Japan Geoscience Union Meeting 2015

Presentation information


Symbol M (Multidisciplinary and Interdisciplinary) » M-IS Intersection

[M-IS29] Atmospheric Electricity

Sun. May 24, 2015 9:00 AM - 10:45 AM A01 (APA HOTEL&RESORT TOKYO BAY MAKUHARI)

Convener:*Yasuhide Hobara(Graduate School of Information and Engineering Department of Communication Engineering and Informatics, The University of Electro-Communications), Tomoo Ushio(Information and communication engineering department, Osaka University), Chair:Yasuhide Hobara(Graduate School of Information and Engineering Department of Communication Engineering and Informatics, The University of Electro-Communications)

9:15 AM - 9:30 AM

[MIS29-02] VHF observations of positive cloud-to-ground lightning flashes in summer thunderstorm season

*Taku OTANI1, Takeshi MORIMOTO1, Yoshitaka NAKAMURA2, Kiyotaka HAYASHI3, Masaaki HAYASHI3 (1.Kindai University, 2.Kobe City College of Technology, 3.Chubu Electric Power Co., Inc.)

Keywords:Positive cloud-to-ground lightning flash, Broadband digital interferometer, Lightning Location System, lightning in summer season

Positive cloud-to-ground (CG) lightning flashes are defined as those lowering positive charge from cloud to Earth. It is thought that less than 10 percent of global CG flash is positive. Positive CG flashes have attracted considerable attention for the following reasons. 1) The high lightning current and large charge transfers to ground. 2) They can be the dominant type of CG flashes in winter season and during the dissipating stage of thunderstorm. 3) They are related preferentially to transient luminous events (TLEs) in the middle atmosphere like sprites. 4) Reliable identification of positive CG flashes is important implications for various lightning location techniques.

The authors have been conducting cooperative lightning observations in Gifu, Japan, where occupy a lot of hill and mountainous region. Chubu Electric Power Co., Inc. (CEPCO) have has many (over 1.0 cases / 100 km / year) outages in their 500 kV power transmission line caused by lightning. This paper focuses on positive CG flashes observed by a VHF lightning mapper, Broadband Digital Interferometer (DITF) and Lightning Location System (LLS).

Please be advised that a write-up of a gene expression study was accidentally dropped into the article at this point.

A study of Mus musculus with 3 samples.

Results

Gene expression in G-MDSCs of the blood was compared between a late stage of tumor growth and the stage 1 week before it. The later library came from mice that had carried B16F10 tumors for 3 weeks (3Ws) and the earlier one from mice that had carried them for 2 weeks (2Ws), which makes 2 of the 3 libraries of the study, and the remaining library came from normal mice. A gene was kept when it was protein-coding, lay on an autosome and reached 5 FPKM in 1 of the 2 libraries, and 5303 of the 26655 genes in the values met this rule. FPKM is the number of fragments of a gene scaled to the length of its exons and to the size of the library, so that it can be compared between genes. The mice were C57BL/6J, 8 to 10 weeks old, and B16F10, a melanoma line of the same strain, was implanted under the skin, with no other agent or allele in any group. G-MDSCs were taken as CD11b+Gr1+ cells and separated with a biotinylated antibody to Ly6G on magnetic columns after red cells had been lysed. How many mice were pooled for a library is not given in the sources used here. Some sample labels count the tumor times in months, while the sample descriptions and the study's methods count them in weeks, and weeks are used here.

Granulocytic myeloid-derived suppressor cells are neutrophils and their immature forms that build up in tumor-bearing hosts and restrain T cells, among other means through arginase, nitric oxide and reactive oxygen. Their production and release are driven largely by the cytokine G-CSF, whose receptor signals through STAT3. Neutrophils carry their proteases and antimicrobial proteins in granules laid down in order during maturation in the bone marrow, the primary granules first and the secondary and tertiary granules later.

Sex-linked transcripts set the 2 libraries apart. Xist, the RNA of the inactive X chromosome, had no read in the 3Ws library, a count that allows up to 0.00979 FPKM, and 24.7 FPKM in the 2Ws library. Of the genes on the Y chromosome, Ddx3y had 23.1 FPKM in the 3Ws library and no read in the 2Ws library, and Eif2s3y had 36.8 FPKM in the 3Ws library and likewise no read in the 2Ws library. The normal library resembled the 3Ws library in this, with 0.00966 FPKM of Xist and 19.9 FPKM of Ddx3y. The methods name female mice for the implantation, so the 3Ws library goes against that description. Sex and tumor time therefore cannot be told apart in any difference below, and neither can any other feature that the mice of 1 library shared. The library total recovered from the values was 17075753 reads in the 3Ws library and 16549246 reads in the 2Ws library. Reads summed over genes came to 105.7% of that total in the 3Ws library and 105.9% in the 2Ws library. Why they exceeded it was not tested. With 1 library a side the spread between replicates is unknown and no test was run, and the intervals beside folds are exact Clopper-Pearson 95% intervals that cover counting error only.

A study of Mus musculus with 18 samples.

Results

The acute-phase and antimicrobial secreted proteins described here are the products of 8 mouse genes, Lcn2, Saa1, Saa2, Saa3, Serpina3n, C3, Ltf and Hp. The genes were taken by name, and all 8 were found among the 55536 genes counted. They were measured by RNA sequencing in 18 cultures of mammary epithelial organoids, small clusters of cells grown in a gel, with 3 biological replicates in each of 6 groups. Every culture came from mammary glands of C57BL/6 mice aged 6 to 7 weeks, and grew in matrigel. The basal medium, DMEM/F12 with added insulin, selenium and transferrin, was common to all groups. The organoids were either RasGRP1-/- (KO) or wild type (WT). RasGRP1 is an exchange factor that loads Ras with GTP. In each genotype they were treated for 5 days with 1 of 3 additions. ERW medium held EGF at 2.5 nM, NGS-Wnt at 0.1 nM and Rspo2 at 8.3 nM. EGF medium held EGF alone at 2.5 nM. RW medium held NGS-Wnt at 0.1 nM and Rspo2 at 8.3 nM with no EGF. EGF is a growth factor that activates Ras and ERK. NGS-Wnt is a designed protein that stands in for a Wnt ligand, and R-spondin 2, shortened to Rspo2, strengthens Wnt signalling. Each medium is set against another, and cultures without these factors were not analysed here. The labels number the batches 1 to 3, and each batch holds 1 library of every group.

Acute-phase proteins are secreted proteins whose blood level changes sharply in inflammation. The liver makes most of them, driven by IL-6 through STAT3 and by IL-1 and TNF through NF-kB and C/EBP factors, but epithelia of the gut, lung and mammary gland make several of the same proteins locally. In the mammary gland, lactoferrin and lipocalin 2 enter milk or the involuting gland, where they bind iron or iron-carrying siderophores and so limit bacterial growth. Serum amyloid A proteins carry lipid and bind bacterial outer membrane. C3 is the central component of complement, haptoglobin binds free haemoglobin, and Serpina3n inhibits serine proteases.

DITF is a system to locate a source of VHF impulse based on the digital interferometric technique. A remarkable feature of DITF is its wide detection frequency range, and this system takes no account of a carrier frequency. The system observes the electric field change due to a lightning discharge in the ultra-wide VHF band, and Fast Fourier Transform (FFT) is applied to calculate various frequency components of the received electromagnetic (EM) pulse. Computed phase difference for each Fourier component between two antennas is a function of the incident angle of the EM pulse against the baseline. A couple of antennas as a two-element array of DITF are able to estimate the incident angle. Two pairs of antennas, and independent two baselines, enable two-dimensional (2D) mapping of sources in azimuth and elevation format. Synchronized operations of two or more DITFs with proper separations can bring three-dimensional (3D) source locations by a triangulation.

It is known that VHF impulses are mainly radiated from the tip of breakdown like at the stepped leader tip especially in case of negative breakdown. In case of a negative CG flash, ordinary downward propagating leaders can be shown by DITF. In case of positive CG, radiation source locations do not go downward straightforward to the ground. They sometimes show the tendency of concentration at certain and qusi-constant altitude of the possible positively charged region. According to the bi-directional leader concept, a lightning discharge is initiated with both positive and negative leaders progression simultaneously in opposite directions from its original inception point. The origin of a lightning discharge is normally not to be grounded to the earth, and the bi-directional leader progression should be trivial form the aspects of the charge conservation law. Since the average intensity of VHF radiation by a positive breakdown was about 20 dB weaker than that by a negative breakdown, positive breakdowns masked by the radiation emitted by negative breakdowns are considered to be undetectable by DITF. Active VHF radiation after a return stroke may be mainly due to the continuing currents, because the continuing current is caused by the negative breakdown progression inside the thundercloud.

Four positive CG flashes are observed both a pair of DITFs and LLS in this study. A multiple positive CG flash, a downward positive leader overlapping with upper negative breakdown, a positive CG flash lowering low-altitude small positive charge like pocket positive, and positive CG flashes without any VHF radiation before the return strokes are noticeable.